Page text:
Sexual Harassment and the KWU Campus
Written by Paul Green on February 5, 2021
Nearly every woman you have ever seen, interacted with, or known in your life has been sexually harassed or assaulted. On a daily basis all the women you know deal with catcalling, unwanted/unnecessary touching, threats, the general oversexualization of women, and more.
It is inescapable. It feels dooming. It is our everyday lives.
According to NPR February 2018, 81% of all women have been sexually harassed or worse in their lives. Today we are living in a Post-MeToo movement world where many women still face the fear of their abusers, the judgement, and the lifelong consequences of their experiences; however, the limelight often falls to the men who are worried about being ‘wrongfully accused.’ Here is a piece of advice from women everywhere to men who have this worry- just don’t ask to be wrongfully accused and it won’t happen to you. Bad things only happen to those who are asking for it right? To those who drink too much or wear too provocative of clothing??
On a college campus, women can often feel vulnerable to attacks of sexual harassment and assault largely due to the precident that has been set on campuses of the past. A part of college life that has become widely accepted is getting groped at parties, catcalled in dorms, and receiving unwanted texts such as the infamous dick pic. In response to this we asked a couple of women on campus a simple question- ‘What did you do today to not get raped or harassed?’
Madeline Norrell, junior, said, “I wore appropriate clothing that didn’t show off anything.” This proves that society has flipped the narrative and is placing the blame on women for ‘showing off’ their bodies. This is unacceptable and women should not have to alter their physical appearance only in an attempt to combat the male gaze. We should instead be teaching men to not oversexualize and misconstrue an outfits ‘meaning’; sometimes women just want to wear an item of clothing for self expression or because they have the freedom to do so.
Savannah Bonilla, freshman, said, “Everyday I try to keep a silent composure around unfamiliar men. I usually wear baggy upper body clothes to hide my figure. I walk to my car quickly and try to never walk long distances in the dark alone.” This is another instance of a woman drastically changing her appearance to add a layer of protection. This also points out a safety concern that is shared by other women- walking home alone.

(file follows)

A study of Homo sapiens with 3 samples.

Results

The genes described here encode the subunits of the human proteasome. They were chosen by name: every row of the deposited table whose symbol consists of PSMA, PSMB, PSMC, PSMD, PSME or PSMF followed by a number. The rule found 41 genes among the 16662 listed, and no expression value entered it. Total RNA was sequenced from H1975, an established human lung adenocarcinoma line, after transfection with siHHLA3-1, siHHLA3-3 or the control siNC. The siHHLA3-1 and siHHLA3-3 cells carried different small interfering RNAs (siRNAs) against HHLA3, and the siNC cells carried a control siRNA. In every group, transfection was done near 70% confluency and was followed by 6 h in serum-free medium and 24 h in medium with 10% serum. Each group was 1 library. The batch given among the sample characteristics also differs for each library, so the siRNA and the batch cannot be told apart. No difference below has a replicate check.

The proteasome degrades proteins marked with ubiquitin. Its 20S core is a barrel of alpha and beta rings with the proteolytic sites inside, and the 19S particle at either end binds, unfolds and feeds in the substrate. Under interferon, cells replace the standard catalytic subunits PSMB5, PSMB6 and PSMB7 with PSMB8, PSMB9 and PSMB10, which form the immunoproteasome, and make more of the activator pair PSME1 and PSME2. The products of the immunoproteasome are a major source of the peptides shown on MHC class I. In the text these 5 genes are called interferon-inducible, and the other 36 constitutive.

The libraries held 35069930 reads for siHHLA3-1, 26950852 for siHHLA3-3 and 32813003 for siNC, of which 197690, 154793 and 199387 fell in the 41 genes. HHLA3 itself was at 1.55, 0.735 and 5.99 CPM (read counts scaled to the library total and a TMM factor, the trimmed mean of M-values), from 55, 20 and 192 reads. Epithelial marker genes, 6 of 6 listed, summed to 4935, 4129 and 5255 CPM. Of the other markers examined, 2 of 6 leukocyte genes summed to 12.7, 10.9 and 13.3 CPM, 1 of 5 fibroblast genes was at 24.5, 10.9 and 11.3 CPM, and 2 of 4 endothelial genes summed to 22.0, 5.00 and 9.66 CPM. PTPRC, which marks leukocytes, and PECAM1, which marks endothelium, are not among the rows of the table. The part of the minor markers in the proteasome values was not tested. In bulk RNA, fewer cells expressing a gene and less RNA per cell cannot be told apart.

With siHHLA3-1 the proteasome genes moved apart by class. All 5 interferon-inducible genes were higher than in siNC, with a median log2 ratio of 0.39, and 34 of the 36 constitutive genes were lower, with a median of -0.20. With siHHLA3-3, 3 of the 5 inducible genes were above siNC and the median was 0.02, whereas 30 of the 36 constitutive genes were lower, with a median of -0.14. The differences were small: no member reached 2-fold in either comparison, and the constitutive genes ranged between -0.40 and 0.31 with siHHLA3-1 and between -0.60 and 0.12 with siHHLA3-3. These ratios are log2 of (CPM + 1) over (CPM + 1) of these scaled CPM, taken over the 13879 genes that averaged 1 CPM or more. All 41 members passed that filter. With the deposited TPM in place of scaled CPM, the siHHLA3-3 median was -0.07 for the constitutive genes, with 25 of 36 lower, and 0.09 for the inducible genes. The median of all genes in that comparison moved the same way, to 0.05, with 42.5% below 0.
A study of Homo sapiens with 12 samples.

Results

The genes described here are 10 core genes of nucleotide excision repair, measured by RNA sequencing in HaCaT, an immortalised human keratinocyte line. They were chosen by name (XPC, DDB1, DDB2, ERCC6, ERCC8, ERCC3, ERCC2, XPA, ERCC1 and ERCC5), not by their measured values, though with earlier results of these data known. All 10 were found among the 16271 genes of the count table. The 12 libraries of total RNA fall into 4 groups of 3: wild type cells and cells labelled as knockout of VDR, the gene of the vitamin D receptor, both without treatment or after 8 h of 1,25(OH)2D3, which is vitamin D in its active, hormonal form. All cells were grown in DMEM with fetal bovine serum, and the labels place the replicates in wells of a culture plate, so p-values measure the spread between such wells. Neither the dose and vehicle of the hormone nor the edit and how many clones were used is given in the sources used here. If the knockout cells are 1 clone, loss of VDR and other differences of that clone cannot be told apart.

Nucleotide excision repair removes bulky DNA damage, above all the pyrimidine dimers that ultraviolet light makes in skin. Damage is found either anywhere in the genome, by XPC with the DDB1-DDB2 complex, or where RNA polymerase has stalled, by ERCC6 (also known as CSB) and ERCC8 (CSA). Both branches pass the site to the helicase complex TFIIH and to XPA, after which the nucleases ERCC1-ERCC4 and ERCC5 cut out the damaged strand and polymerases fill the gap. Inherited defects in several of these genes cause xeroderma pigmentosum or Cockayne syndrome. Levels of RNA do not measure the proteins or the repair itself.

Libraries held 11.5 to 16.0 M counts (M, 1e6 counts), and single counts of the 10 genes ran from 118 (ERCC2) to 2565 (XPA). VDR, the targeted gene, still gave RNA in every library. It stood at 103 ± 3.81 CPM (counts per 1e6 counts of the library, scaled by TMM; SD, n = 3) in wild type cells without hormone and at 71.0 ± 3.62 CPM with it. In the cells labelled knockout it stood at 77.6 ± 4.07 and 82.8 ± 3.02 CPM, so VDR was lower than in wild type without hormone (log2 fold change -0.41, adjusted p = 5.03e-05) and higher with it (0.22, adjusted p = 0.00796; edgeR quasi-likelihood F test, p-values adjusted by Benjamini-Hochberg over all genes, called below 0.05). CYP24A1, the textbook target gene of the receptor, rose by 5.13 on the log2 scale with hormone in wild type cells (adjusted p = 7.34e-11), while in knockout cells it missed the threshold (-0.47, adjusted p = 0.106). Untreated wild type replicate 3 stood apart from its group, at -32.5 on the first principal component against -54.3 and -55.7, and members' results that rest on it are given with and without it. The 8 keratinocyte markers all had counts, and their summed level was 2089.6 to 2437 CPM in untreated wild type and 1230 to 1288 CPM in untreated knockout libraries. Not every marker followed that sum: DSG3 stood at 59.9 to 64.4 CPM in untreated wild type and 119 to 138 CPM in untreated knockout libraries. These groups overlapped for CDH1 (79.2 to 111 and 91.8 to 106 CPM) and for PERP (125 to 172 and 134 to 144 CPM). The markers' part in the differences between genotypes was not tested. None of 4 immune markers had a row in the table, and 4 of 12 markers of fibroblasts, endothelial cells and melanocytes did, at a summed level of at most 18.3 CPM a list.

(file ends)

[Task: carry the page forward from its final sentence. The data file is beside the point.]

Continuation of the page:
Braydyn Houltberg, junior, said, “Personally what I do is I very rarely walk by myself when going places. If I do, I carry pepper spray or my keys in between my fingers while walking. I don’t wear a lot of shirts or clothes that show off my body.” There is a pattern in each of these responses, each of these women expressed fear in their interviews and each of them thought assault and harassment was a true threat.
It is clear that everyday women do a variety of things to protect them from the possibility of harm that lurks around every corner. Instead of putting this burden on women, we need to assess what we can do as a community and college to ensure women’s safety.
When asked about school safety, Norrell replied, “I feel that this is a pretty safe campus compared to others. I feel there should be more street lights when walking at night.” Street lights are a crime deterer that can help students get back to their dorms safely at night and create accountability for those out at night. More street lights is an excellent idea to ensure student safety. Houltberg said, “Most of the places around the school are pretty fast to walk from one building to another but other than that there is nothing to actually protect us. You could call campus security but it is not always a guarantee they will answer. I would recommend the school putting more lights around campus especially in places where students have to walk from their cars parked far away. Maybe adding a blue emergency light on campus that you can press to call the police or alert others could be beneficial.” It is important to have reassurance from campus security that they will come and respond to any calls but apparently that is lacking at KWU. Something seriously needs to change.
We need to protect our women on campus. We cannot accept any half-baked attempts of protection, rather we need change to create a safe learning environment for ALL students.